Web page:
Those Winter Sundays

“Those Winter Sundays” by Robert Hayden

Relations between fathers and their children often become the reason for children’s resentment towards fathers.  In his poem “Those Winter Sundays”, Robert Hayden speaks of this complicated problem. He does not only express his complex feelings about his father but also shares his conclusions regarding the causes of the father-children problem.


First Title 

First, the analysis of the first very title suggests a conclusion that the narrator’s memories of childhood are rather gloomy. The poet’s sad tone in the title is evident from the use of the word “winter”, which impels cold, gloomy, and dark thoughts. Besides, an interesting fact is that Hayden uses the word “those” in the title. This word suggests a picture from the past, which repeated again and again to create an unforgettable image and leave its indelible trace in the heart of the speaker. Finally, another remarkable detail in the title of this poem is the word “Sundays”. The implication of this word is reminding of childhood memories of the narrator. Sundays are family days in most families, which parents and children spend together to have a good time, explore the world, make new revelations, and further unite bonds of love in the family. However, the poet combines such a meaningful word with the other two words having a negative explication.


Author’s Idea in the Title  

Addressing the first stanza of the poem, the readers will find an explanation to the combination of words with gloomy implications in the title of the poem and the author’s idea behind it. In the five initial lines, rhyme is absent. This use of prosaic tone is the technique, which Hayden implements to create a special setting in the poem. This setting is definitely negative; it reminds the audience about the popular expression “the prose of existence”, and its main idea that life is full of undesirable occurrences. In the opening line “Sundays too my father got up early”, the poet introduces his father by saying that even on Sundays he started his working schedule early (Meyer, 2012, p. 864).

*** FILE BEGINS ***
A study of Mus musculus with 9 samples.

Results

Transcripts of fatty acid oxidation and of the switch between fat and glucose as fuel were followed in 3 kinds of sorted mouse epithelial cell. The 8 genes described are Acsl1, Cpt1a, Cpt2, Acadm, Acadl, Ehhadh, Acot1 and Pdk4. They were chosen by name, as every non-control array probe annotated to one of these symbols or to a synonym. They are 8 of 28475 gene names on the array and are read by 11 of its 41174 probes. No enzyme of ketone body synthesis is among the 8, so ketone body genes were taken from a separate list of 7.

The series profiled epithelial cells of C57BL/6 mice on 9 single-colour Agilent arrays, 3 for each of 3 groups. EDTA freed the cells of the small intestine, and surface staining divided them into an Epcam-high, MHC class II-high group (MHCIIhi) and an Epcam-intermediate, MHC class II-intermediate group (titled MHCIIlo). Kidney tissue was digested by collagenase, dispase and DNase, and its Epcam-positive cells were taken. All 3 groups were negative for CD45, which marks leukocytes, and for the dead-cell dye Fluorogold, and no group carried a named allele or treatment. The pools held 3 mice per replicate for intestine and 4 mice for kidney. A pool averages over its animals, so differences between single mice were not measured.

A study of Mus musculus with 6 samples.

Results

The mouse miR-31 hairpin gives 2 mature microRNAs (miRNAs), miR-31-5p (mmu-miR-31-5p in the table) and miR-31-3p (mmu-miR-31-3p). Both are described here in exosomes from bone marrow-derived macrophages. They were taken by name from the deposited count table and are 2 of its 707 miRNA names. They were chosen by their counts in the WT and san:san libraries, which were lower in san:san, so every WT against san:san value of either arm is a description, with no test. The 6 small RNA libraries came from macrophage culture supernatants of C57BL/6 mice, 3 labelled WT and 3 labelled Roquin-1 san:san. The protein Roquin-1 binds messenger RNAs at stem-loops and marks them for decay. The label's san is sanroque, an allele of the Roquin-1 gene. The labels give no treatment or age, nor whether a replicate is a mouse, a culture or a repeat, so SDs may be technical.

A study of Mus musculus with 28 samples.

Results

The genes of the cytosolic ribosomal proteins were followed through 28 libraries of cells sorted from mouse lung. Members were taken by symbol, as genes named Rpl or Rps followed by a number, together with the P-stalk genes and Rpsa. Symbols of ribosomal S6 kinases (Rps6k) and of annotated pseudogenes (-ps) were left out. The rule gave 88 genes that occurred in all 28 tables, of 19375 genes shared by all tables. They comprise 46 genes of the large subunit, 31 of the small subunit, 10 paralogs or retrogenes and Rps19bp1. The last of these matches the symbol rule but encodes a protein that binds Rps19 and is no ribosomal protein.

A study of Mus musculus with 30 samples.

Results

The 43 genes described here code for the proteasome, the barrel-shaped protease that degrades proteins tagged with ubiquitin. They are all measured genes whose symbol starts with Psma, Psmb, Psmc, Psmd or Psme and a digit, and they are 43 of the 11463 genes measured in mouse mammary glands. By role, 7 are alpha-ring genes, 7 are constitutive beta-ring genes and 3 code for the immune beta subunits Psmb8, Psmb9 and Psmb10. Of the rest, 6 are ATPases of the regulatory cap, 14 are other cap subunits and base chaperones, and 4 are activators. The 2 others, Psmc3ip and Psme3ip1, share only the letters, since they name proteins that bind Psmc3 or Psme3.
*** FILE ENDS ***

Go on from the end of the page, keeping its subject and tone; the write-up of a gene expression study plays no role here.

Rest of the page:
This line shows that the narrator is not pleased by his father’s way of living since he says “too” and calls him “father”, but not Daddy or Papa. This is a hint showing that the father was a man of a pedant character, and roused cold and formal emotions in his son’s heart. The speaker also says: “with cracked hands that ached from labor” (Meyer, 2012, p. 864). This adds details about the father’s character and personality, depicting him as a hard worker, a man of minor income, and a “blue collar”. Thus, a rather negative picture of the father’s character appears in the minds of readers from the very first lines of the poem. 

Further, in the next stanza, Hayden only adds to the sadness of the poem’s tone. The following lines demonstrate this tendency:

I’d wake and hear the cold splintering, breaking. 

the rooms were warm, he’d call, 

and slowly I would rise and dress, 

fearing the chronic angers of that house (Meyer, 2012, p. 864).

In this stanza, the readers may feel the atmosphere in the speaker’s house through the use of such words and expressions as “the cold splintering, breaking”, “fearing”, and “the chronic angers of that house”. These words show that the father’s efforts to care for his family members do not result into a positive outcome since the atmosphere is still chilly and full of anger and pain. 

Final Stanza 

Lastly, in the final stanza, the sadness of the speaker’s tone is still observed in the words “speaking indifferently” and “cold”, but the two final lines “What did I know, what did I know of love’s austere and lonely offices?” show a shift in the mood and tone (Meyer, 2012, p. 864). This means that when the narrator becomes an adult, he comes to realize his father’s struggles, and starts viewing him in a different light. The final lines of the poem have an important lesson to offer to the audience. The poet is trying to say that despite the fact that many fathers fail to pay enough attention to their children, they do so because of their difficult economic situation. Fathers just do no know how to cope with their family responsibilities. Therefore, children should not think that they are not loved and valued. 

In conclusion, in his expressive poem “Those Winter Sundays”, Robert Hayden speaks about the issues that are often rife in fathers-sons relations. His tone is mostly negative, sad, and regrettable through the whole narration, but in the final lines it shifts to a positive one, which suggests that the speaker changes his idea of his father when he becomes an adult.